Fake news affects migrant communities in Europe

Fake news is increasingly becoming a problem on social media. These mainly influence closely connected groups, which primarily exchange information on such channels and get their information from there.

This also applies to migrant groups from the MENA region, who have now found their new center of life in Europe.

A recent example of hate speech and disinformation is provided by videos and statements by a Palestinian imam, who in February was already spreading lies and hate speech on social networks aimed at Muslims in Europe in order to incite them against the states and societies there. In Scandinavia in particular, there are currently increasing protests, even violent riots by groups with a migrant background, who take the fake news from social networks for facts.

In his articles, the Palestinian Islam scholar accuses Europeans of all conceivable atrocities: “Europeans practice bestiality, sleep more with animals than with people. Western civilization is inferior, stupid, racist.”

According to the Imam, Syrian refugees were driven to Europe by “oppressive Europeans” and the Europeans are the cause of the tragedies of Muslims. He also said that Western civilization “causes a man to oppress his brother and kill him without justification.” Furthermore, he claimed that when European colonists came to Muslim countries, they made the Muslims “more ignorant and superficial” in order to buy European consumer goods.

In another sermon, broadcasted on the Internet, the imam said that in democracies like Sweden, children are being taken away from their parents for “honor crimes”. He explained that this term means that parents enforce honorable behavior and do not allow their daughters to date boys, get drunk or wear revealing clothing. He claimed that 20,000 children of Syrian refugees who fled to Sweden were taken from their homes by the authorities. He also claimed that some of the Muslim children in democratic countries who are sent to “unbelieving parents” are being raped by their adoptive parents. He said, „this is what happens to Muslims under democratic rule.”

Sweden’s foreign ministry was forced to respond to the allegations on social media, calling them a “disinformation campaign” and saying such claims are “seriously misleading and aim to create tension and spread suspicion”. Social services don’t kidnap children. All children in Sweden are equally protected and cared for under Swedish legislation, including the UN Convention on the Rights of the Child,” referring readers to Swedish social services.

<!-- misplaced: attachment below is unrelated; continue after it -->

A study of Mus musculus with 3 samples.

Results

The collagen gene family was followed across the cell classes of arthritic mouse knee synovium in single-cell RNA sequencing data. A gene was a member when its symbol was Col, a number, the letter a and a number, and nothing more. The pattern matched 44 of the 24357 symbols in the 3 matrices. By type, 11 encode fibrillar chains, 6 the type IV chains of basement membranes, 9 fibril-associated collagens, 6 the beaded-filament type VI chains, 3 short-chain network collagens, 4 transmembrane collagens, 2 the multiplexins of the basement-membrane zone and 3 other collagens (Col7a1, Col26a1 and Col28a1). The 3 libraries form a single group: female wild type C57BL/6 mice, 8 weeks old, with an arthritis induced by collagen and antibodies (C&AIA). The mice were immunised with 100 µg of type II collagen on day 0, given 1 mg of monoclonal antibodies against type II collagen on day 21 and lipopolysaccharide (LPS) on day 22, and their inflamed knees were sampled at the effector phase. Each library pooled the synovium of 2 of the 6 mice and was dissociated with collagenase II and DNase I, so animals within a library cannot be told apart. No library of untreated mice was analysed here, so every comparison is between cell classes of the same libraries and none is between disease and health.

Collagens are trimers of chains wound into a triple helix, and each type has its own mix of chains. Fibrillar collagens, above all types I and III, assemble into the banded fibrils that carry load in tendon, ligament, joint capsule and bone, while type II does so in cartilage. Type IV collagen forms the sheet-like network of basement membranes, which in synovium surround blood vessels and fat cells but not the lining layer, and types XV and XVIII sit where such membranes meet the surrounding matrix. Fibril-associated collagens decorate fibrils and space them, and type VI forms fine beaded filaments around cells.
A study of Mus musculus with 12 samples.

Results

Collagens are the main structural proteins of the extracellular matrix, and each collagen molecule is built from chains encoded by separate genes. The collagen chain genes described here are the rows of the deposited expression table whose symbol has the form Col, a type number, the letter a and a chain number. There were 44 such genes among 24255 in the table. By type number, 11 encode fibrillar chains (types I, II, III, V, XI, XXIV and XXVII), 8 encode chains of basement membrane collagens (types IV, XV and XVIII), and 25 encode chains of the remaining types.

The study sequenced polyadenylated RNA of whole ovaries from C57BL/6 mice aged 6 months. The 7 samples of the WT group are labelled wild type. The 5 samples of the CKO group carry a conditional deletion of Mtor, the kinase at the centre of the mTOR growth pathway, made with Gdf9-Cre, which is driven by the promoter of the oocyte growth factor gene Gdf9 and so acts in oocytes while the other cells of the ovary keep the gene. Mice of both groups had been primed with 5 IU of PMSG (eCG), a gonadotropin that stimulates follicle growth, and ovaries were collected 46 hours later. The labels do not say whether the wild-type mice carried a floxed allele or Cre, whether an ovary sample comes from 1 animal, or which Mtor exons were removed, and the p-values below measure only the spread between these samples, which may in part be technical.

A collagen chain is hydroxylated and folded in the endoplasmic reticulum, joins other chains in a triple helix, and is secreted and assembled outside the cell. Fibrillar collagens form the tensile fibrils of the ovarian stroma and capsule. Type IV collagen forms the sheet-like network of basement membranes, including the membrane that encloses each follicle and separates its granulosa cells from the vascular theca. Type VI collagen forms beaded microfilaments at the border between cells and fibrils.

Facebook, Twitter and other platforms have championed their efforts to crack down on misinformation, politically divisive material and outright bigotry in the European Union. But such controls – and the resulting enforcement of these companies’ rules – were often absent from Arabic-language social media, based on analysis by Digital Bridge.

The failure of the tech giants to adequately monitor what is happening in Arabic – one of the fastest growing demographics on social media, based on new users each year with 350 million Arabic speakers worldwide – underscores the disparity between these companies’ attempts to address it. Many MENA countries are still blocked by sectarian tensions and where online hatred can quickly spill over into offline violence, the same applies to migrant societies in Europe.

“Groups don’t have to hide what they’re doing because moderation is so patchy,” said the executive director for Africa, the Middle East and Asia at the Institute for Strategic Dialogue, a think tank that tracks online extremism. He examined how a large amount of harmful Arabic-language content and state-sponsored disinformation remained rife online.

Media supported by Syria and Iran continued to promote pro-Russian narratives in Arabic with little or no content moderation. For example, an Iraqi news organization with ties to Iranian militias was able to buy Facebook ads spreading pro-Kremlin falsehoods about Ukrainian President Volodymyr Zelenskyy.

Companies such as Meta, Instagram, TikTok, Twitter and Telegram are called upon to assume their responsibility in the Arab countries as well: Here in particular they must take stronger action against hate speech, fake news and propaganda.